Artist taught herself to paint with left hand after a stroke left her partially paralyzed

by: JOSH KULLA - Wilsonville resident Jean Acker was honored for a lifetime of selfless giving and artistic expression at Marquis Wilsonville, where she lives.by: SPOKESMAN PHOTO: JOSH KULLA / DETAIL: JEAN ACKER - Jean Acker's self-portrait shows off one of her earliest pieces. Now 99 years old, Acker started painting after the age of 50. She may not be a professional artist in the conventionally understood meaning of the term.

No, she was never interested in selling or marketing her work. But the painting being done by Wilsonville resident Jean Acker still demands your respect all the same.

Now 99 years old, Acker lives at Marquis Care Wilsonville, a long-term, post-acute and rehabilitation care facility on the south side of the city. Recently her artwork was put on display in a common area at the facility, and family and friends gathered together to recognize a lifetime of art.

The event was part of Marquis Care’s New Chapters program, which connects residents with their favorite or most memorable activities or events.

The years have run together somewhat for Acker, which is entirely understandable when you’ve lived through so many of them. But one common thread along the way has been art.

“I don’t know when I started,” she said, adding that flowers are now her favorite subjects. “I take the scenes as they come.”

It was probably more work for Acker to conduct a brief interview than it is for her to paint. She already shies away from attention, and a stroke suffered at age 84 has left her paralyzed on one side of her body.

“She has taught herself to paint with her left hand,” said Angelica Williams, activities coordinator at Marquis Wilsonville. “That’s what makes the second phase of her artwork all the more remarkable.”

Acker originally took up painting after turning 50. Her husband would craft elaborate frames for her work, some of which were on display last week. But when he died, so did Acker’s passion for painting.

She took up other forms of art instead, including knitting, sewing and the needlepoint that originally earned her a national award back when she was in high school.

Despite the stroke, she managed to recover and care for herself for another six years before moving into a long-term care facility. Four years ago she made the move to Marquis Wilsonville. That’s where she rediscovered her love of painting. by: SPOKESMAN PHOTO: JOSH KULLA / DETAIL: JEAN ACKER - Flowers, as in this painting here, are Jean Acker's favorite subject to render in paint.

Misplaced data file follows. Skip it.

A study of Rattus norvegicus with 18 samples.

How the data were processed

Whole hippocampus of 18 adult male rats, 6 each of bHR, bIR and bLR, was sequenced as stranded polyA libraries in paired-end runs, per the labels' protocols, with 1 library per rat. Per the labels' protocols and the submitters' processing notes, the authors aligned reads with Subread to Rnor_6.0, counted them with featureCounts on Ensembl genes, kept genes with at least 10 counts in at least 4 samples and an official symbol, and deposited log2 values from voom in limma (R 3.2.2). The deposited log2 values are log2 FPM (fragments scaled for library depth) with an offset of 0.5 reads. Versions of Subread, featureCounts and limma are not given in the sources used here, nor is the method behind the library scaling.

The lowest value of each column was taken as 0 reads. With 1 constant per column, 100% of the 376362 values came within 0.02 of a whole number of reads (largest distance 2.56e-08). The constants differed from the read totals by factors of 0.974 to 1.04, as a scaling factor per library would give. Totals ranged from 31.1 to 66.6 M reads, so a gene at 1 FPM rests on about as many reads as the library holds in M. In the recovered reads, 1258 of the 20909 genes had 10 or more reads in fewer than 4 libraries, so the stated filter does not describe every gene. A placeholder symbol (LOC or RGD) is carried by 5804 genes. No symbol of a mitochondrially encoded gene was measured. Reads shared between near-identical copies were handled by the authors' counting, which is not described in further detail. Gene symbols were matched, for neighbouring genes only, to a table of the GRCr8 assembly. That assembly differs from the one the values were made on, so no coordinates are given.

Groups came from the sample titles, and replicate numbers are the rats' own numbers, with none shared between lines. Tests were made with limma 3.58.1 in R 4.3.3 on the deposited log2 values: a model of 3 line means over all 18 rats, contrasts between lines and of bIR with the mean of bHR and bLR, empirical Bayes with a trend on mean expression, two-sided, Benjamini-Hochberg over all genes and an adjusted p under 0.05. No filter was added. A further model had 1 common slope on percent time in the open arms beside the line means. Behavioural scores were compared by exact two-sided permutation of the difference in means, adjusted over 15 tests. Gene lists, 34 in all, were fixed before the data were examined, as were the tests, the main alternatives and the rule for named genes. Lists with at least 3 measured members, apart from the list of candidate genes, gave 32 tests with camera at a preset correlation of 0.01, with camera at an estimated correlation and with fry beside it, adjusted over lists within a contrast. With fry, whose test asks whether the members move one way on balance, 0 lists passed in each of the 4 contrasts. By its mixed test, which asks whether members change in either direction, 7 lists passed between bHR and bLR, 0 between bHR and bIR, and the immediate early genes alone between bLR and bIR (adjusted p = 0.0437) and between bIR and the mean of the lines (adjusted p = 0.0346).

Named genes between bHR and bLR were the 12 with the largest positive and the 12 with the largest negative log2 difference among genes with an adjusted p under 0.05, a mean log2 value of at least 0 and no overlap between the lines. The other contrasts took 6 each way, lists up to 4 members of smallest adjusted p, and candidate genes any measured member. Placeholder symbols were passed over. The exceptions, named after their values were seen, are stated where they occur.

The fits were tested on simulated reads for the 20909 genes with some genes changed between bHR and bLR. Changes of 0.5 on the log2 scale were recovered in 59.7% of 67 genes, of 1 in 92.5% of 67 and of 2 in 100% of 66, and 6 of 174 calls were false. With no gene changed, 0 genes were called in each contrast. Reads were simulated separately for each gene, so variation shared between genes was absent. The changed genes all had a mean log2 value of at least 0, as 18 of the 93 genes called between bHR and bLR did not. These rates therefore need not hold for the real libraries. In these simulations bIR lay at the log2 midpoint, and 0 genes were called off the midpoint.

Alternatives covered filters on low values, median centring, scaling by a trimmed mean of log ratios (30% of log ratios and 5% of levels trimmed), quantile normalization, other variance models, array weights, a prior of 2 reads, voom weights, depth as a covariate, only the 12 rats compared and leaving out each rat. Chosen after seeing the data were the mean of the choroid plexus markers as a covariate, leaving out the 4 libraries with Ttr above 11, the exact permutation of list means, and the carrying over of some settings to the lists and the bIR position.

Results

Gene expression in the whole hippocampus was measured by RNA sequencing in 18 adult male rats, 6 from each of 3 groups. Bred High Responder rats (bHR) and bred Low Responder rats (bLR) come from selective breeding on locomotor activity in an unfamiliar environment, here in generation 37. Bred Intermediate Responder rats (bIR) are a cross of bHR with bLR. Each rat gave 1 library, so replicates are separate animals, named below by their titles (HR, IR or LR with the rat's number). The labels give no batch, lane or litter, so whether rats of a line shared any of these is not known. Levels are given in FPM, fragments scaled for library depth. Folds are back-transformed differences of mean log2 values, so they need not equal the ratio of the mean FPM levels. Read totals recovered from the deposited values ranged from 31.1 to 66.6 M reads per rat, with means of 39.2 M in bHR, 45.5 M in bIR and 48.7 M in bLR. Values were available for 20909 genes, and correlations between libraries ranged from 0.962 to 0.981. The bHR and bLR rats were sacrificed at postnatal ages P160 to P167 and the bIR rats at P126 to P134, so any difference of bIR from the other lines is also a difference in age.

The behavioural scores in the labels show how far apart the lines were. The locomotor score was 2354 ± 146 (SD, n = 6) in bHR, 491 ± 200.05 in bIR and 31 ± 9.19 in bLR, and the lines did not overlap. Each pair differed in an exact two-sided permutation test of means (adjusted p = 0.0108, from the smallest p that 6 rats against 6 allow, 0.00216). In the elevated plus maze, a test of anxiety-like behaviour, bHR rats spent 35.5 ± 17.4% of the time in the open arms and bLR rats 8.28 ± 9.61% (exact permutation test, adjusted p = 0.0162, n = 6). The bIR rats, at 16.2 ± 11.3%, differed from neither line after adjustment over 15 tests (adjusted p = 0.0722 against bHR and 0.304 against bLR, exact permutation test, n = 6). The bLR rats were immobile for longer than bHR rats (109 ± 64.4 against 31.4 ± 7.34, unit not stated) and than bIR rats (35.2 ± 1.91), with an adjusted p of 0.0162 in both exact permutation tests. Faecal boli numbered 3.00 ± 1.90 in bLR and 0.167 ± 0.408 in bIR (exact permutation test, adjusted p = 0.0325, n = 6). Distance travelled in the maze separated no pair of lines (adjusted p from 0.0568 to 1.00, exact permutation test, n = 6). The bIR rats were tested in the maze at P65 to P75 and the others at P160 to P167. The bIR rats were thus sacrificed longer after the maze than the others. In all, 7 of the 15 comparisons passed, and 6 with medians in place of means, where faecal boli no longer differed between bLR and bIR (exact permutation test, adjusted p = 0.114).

“She discovered art classes that we hold once a week,” Williams said. “And we give them three colors of poster paint, so when you look at her paintings I want you to see how she mixes the paint and the depth of the variety of reds or different colors she gets into one painting. And also the brushwork and how she does the texturing, she just uses these two little brushes, that’s all she does. She usually in class paints two pictures.”

Six months ago, Acker’s grandson gave her a gift of pastels. That just led to greater color in her work.

“When I go to greet Jean in the morning now, Jean is sitting at her desk doing her pastels,” Williams said.

Two of her most memorable pieces date back many years. One is a rendition of a newspaper photo published when she was just a girl. It shows her standing next to an 11-foot-tall sunflower plant. It’s an idyllic scene that contrasts greatly with another, very different work that depicts two members of the rock band KISS.

Done at the behest of her grandson, Acker’s Rolling Stone-worthy work is still remembered fondly by the family and is providing inspiration for those who know her today.

“To be an inspiration for the people in the community,” Williams said, “It’s about saying that even if you’re 99 and can’t use your dominant hand, you can still make beautiful artwork.”

Josh Kulla can be reached at This email address is being protected from spambots. You need JavaScript enabled to view it. and 503-636-1281, ext. 113. Follow him on Twitter, @wspokesman.